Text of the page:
Washing machine drain tight connection

My washer has a pump that is too strong for the drains in this old house. From what I have heard, some kind of tight connection is OK as long as the washer has a pumped drain and not a gravity type.
Being an expert seat of the pants, shade tree type feller, I thought I better pass this by the pros here before I throw the switch.
I already rooted out the drain all the way to the sewer, and the roof vent is clear. Still not quite big enough for the newer washer.
Sketch of what I'm think about doing:
http://imageshack.us/f/856/washerd.gif/
Many thanks,
Bob

From what I have heard, some kind of tight connection is OK as long as the washer has a pumped drain and not a gravity type.

You were given very bad advise. There is no easy fix. Fix the drain properly.

What size pipe is the washer hose going into?

Sounds like a capacity issue in the drain line, your washer pump is emptying the machine faster than your drain line can drain the water away...
How long of a run at the smaller pipe size before the drain line for your washer empties into a larger size pipe or the main stack ?
You should also check to ensure the line in question is properly and adequately vented, water drains much slower through improperly vented lines than it does through properly vented ones -- it is difficult to break the vacuum on a poorly vented line and if you seal the connection as you have indicated your washer won't be able to introduce air into the line like the "loose" drain connections...
~~ Evan
Try renting one of those inspection cams that you can send down your drain pipe, if need be.
Alternately, put a wash tub next to your washer and and use it as a temporary overflow basin by limiting the outflow from it.

Your sketch omits the drain vent....... pumping water into the drain at a rate higher than it can accept will most likely wind up with water being pumped up the vent line.
The good news is...... this will increase the head (pressure) in the drain line and thus increase the flow in the drain.
The bad news ....... water might be pumped out of the roof vent.
I would suggest a laundry sink, holding tank or a drain line re-pipe from the washer at least to where the drain bumps up to 2" or 3".
cheers Bob
wrote:

Christopher A. Young Learn more about Jesus www.lds.org .
Rooting out the drain does not necessarily say it is clear for the full diameter all that distance, unless the head of the rooter is full drain diameter. A laundry tub is the quick and easy way to slow down the input to the sewer. A full rodding of the drain line with a full diameter head on the rooter is the only other solution.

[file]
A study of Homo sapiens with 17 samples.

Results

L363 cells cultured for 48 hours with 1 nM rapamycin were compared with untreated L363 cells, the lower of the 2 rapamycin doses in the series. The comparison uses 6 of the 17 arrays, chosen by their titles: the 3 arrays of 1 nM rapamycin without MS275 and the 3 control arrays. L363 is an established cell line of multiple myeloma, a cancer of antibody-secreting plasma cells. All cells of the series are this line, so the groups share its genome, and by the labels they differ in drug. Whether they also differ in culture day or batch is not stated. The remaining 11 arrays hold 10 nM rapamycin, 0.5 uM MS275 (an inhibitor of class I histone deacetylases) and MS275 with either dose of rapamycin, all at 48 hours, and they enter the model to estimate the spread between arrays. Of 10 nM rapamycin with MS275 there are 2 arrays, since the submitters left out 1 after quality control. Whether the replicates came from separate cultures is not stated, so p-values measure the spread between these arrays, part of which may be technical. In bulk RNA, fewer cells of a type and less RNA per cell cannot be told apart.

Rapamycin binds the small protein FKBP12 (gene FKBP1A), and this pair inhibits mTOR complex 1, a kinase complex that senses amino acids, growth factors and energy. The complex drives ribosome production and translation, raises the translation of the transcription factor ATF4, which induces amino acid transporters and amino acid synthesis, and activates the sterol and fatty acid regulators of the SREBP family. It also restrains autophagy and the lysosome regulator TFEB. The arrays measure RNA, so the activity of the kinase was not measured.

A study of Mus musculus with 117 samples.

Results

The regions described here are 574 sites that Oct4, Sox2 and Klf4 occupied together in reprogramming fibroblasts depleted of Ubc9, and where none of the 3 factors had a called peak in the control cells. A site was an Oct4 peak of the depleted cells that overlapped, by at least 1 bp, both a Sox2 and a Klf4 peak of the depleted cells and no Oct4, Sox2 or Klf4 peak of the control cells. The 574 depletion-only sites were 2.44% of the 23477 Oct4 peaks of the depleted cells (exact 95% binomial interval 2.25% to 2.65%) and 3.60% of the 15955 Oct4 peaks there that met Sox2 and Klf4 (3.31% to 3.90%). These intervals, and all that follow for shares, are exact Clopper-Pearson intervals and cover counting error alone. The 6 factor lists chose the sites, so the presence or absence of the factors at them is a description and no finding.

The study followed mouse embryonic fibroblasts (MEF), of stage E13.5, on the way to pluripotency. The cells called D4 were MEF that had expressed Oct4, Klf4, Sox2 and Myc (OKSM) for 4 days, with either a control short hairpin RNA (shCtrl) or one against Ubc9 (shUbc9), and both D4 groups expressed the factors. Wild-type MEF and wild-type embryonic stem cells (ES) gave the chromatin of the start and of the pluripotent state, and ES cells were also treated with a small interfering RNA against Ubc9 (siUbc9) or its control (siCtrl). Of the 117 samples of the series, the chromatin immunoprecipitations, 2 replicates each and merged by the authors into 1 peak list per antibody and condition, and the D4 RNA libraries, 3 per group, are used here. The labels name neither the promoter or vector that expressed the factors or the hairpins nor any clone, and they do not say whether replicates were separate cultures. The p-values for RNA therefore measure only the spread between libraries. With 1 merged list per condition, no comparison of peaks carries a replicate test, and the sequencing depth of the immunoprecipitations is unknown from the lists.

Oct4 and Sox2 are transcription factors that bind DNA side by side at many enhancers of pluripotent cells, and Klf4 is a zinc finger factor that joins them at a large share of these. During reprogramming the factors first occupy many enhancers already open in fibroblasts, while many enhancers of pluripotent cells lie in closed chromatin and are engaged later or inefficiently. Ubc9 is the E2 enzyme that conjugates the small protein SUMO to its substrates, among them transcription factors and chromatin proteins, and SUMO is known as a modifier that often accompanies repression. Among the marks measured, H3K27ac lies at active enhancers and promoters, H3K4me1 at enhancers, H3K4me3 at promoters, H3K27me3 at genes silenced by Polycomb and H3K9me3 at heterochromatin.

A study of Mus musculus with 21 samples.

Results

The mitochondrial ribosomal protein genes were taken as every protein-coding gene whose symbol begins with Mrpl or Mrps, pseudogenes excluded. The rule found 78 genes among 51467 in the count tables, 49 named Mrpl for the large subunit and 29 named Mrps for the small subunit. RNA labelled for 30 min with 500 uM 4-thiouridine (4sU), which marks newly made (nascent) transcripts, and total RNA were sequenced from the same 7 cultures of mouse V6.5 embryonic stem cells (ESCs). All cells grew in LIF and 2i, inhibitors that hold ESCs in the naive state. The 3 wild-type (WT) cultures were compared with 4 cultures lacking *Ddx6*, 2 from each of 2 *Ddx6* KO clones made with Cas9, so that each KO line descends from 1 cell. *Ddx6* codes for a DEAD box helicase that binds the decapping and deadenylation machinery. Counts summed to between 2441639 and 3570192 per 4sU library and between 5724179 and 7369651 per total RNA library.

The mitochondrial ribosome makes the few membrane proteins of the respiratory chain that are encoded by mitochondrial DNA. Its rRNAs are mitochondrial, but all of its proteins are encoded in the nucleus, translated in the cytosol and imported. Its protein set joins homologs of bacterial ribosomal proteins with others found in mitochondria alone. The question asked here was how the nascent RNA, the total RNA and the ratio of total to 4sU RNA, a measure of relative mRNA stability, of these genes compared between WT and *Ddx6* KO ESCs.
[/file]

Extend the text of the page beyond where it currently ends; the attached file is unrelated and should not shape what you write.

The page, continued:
Problem ?
No... You have not yet had the "problem" which is going to come soon...
You will have your clearly undersized drain line partially blocked with whatever and the drain hose from the washing machine will blow out explosively and the water in the machine will just be pumped out onto the floor... Since it is now the weakest element in the piping and most washing machines have a one-way back-flow prevention device inside the machine in the drain line so that sewage can't back up into the machine...
~~ Evan
and slower emptying makes pump and spin run longer increasingn energy costs
and slower emptying makes pump and spin run longer increasingn energy costs
Thanks. What do you think about this idea - see sketch. It would be nearly impossible to get at the existing standpipe and drain connection below.
http://img254.imageshack.us/img254/305/drain05.jpg

so where are you draing the excess water? might be easier to just drain all of it there.
how bad of a job to acess the hard to reach part of the line?
or you could install a grinder / sewage pump. it includes a tank and pump to send the drain water to a better drain location
how bad of a job to acess the hard to reach part of the line?
or you could install a grinder / sewage pump. it includes a tank and pump to send the drain water to a better drain location
===
The overflow would be run out the wall into a drainage ditch. When I put it in, I measured the drain flow of the new washer as 6 GPM max -- same as the previous washer.
Like someone said, I think the most likely problem is the drain pipe needs rooting out. It's been 15 years at least since that was done.
The old washer had a lint filter and caught a 1/2-teaspoon full of link with a typical full load. According to GE, the new one "grinds up" the lint so "there is no need for one." That's BS.
New washer is GE Model WHRE5550K1WW. Don't EVER get one. It's one of those "water-saver" jobs with a tiny agitator. The clothes just slosh around.
I kept the old one -- when the new goes out (hopefully soon) I'll replace the transmission in the old one and put it back in. About $250 parts & labor last time I checked.